Those of you who have the Huckleberry Hound and Yogi Bear Show DVDs that were released several years ago will know that almost all the cartoons have more than a title card at the start. They have a couple of other cards with credits listed on them; not a full list, but one that shows the main people who worked on each cartoon. Yet those of us who recall when those shows first aired (as well as the Quick Draw McGraw Show) don’t remember ever seeing credits except in the stock closing animation at the end of the half hour.
So when were the cards made? Why? How accurate are they?
I’ve had people ask me that on several different occasions, with the opinion expressed that the credits were made up for syndication almost three decades after the cartoons originally aired because that’s the first time anyone remembers seeing them.
It’s times like this I miss that great friend of early Hanna-Barbera cartoons, Earl Kress. Earl was interested in the arcanum of the cartoons and I’m pretty sure he looked around and found an answer to the mystery. Earl passed away over a year ago. In his archives he had this:
This is a sheet that was used by the cameraman to shoot the titles. You can see that it has not just the one opening title card but all five of them we’re used to seeing now, including the credits, as well as footage allotted for fades. At the far right is the count in feet and inches, the number to the left of that is the frame count. So the opening titles took up 40 feet or 640 frames (there are 16 frames to a foot). If you compare the lettering, it was done by whoever lettered the actual cards.
The most interesting thing is the hand-written notation up top. The footage was shot in 35 millimetre and a date of March 11, 1959 is given for Take Number 1. So, is that when the credits were shot? There doesn’t appear to be a Production Number on the sheet that would indicate the cartoon itself was shot on that date.
I’m left to conclude that the credits were filmed when the cartoons were originally made and the footage was simply archived for the time when the shorts would be aired outside the Kellogg’s half-hours. It also appears a number of copies of the footage sheets were created in 1958 when the Hanna-Barbera credits included the one line for “Dialogue and Story Sketches.” When Charlie Shows left the studio, the credits for the 1959-60 TV season were changed so “Story” and “Story Sketches” were two separate credits (during mid-season, “Story Sketches” was eliminated and “Story Director” added, presumably because Alex Lovy had arrived at the studio from Walter Lantz). And, as indicated at the bottom, somewhere during the season, the bottom lettering on the credit title card was changed from “H-B Enterprises, Inc.” to “Hanna-Barbera Productions”; the final four Huck cartoons have the change, starting with “Piccadilly Dilly.” So the old categories are simply crossed off on the old sheets and new ones added by hand. Saves money instead of printing new forms. Bill Hanna would be delighted. My guess is the sheets were lettered by Art Goble, who got a credit for titles,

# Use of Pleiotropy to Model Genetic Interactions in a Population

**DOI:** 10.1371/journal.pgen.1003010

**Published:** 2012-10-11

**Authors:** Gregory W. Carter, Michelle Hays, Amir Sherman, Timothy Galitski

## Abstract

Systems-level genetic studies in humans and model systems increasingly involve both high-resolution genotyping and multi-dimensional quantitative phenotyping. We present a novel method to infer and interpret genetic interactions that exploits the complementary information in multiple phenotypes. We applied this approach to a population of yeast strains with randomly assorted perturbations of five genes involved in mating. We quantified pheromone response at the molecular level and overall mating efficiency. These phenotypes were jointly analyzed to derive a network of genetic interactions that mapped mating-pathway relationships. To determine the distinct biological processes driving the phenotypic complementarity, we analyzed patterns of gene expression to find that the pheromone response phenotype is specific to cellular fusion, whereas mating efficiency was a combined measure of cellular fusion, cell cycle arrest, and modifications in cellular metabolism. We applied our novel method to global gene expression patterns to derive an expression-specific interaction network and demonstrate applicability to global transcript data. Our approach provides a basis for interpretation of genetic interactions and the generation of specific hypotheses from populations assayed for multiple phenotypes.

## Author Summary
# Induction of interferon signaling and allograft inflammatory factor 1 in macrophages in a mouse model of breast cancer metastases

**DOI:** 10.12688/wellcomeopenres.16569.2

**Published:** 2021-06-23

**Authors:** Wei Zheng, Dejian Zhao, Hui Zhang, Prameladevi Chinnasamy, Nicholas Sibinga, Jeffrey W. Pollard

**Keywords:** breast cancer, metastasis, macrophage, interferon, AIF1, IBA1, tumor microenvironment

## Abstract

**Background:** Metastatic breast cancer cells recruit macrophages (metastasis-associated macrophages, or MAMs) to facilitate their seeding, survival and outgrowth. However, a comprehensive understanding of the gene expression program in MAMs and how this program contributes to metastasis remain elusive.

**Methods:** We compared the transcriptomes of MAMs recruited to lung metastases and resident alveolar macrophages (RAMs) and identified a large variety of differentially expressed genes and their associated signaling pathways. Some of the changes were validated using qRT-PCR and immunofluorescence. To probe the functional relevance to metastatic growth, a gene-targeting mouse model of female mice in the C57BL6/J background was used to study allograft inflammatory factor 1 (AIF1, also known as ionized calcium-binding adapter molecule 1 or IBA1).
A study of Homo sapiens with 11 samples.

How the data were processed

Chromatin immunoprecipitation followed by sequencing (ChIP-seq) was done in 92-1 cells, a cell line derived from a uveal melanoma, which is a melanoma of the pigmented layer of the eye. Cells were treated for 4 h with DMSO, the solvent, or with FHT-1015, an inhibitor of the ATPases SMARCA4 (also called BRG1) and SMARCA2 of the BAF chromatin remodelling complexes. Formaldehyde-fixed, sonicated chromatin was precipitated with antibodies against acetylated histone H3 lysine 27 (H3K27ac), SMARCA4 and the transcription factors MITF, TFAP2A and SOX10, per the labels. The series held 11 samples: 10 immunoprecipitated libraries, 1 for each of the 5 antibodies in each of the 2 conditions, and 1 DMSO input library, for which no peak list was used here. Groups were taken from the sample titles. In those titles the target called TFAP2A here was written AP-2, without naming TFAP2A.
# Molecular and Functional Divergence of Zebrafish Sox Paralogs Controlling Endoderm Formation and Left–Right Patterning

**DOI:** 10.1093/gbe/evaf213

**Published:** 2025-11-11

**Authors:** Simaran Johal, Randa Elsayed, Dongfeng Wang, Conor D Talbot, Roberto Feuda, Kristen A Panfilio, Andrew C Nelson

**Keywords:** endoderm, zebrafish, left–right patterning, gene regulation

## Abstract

When did cartoons appear separately outside the Kellogg’s sponsored half hours? It wasn’t very long after they were made. It happened in 1960, October 15th to be precise. That’s when a show called “The Magic Land of Allakazam” began airing. It was, as the Jefferson City Post-Tribune called it, “…a new children’s world of television fun featuring a whole family of magicians, sleight of hand artistry, major feats of illusion, music, circus-type fun and animated cartoons…” Yes, cartoons. To quote from the paper again: “Huckleberry Hound, Yogi Bear, Jenks the Cat [sic], and those famous ‘meeces,’ Pixie and Dixie, will appear each week in a variety of Hanna-Barbara cartoons.”
Whether the cartoons shown on Mark Wilson’s Saturday afternoon magic show featured the full credits, I don’t know, but it’s obviously not true that the individual cartoons only appeared on TV some time during the 1970s or ‘80s. As for the accuracy, there only seem to be a few cartoons circulating that have the wrong credits. Yogi’s “Big Brave Bear” is one, unless Lew Marshall suddenly started drawing like Carlo Vinci. I have a version of Augie Doggie’s “Pint Giant” that is obviously incorrect. And there are a couple of others. Some of the earliest cartoons are incomplete. Mike Lah did partial uncredited animation on a bunch of them and two years later, Bob Carr handled footage on cartoons without his name appearing. But, generally, they’re accurate. What’s maddening is the cartoons circulating with no credits at all.
Incidentally, if you look at the top of the sheet you’ll see the hand-written initials “NS.” That stands for Norm Stainback, a cameraman at the studio from the early days through the late 1970s.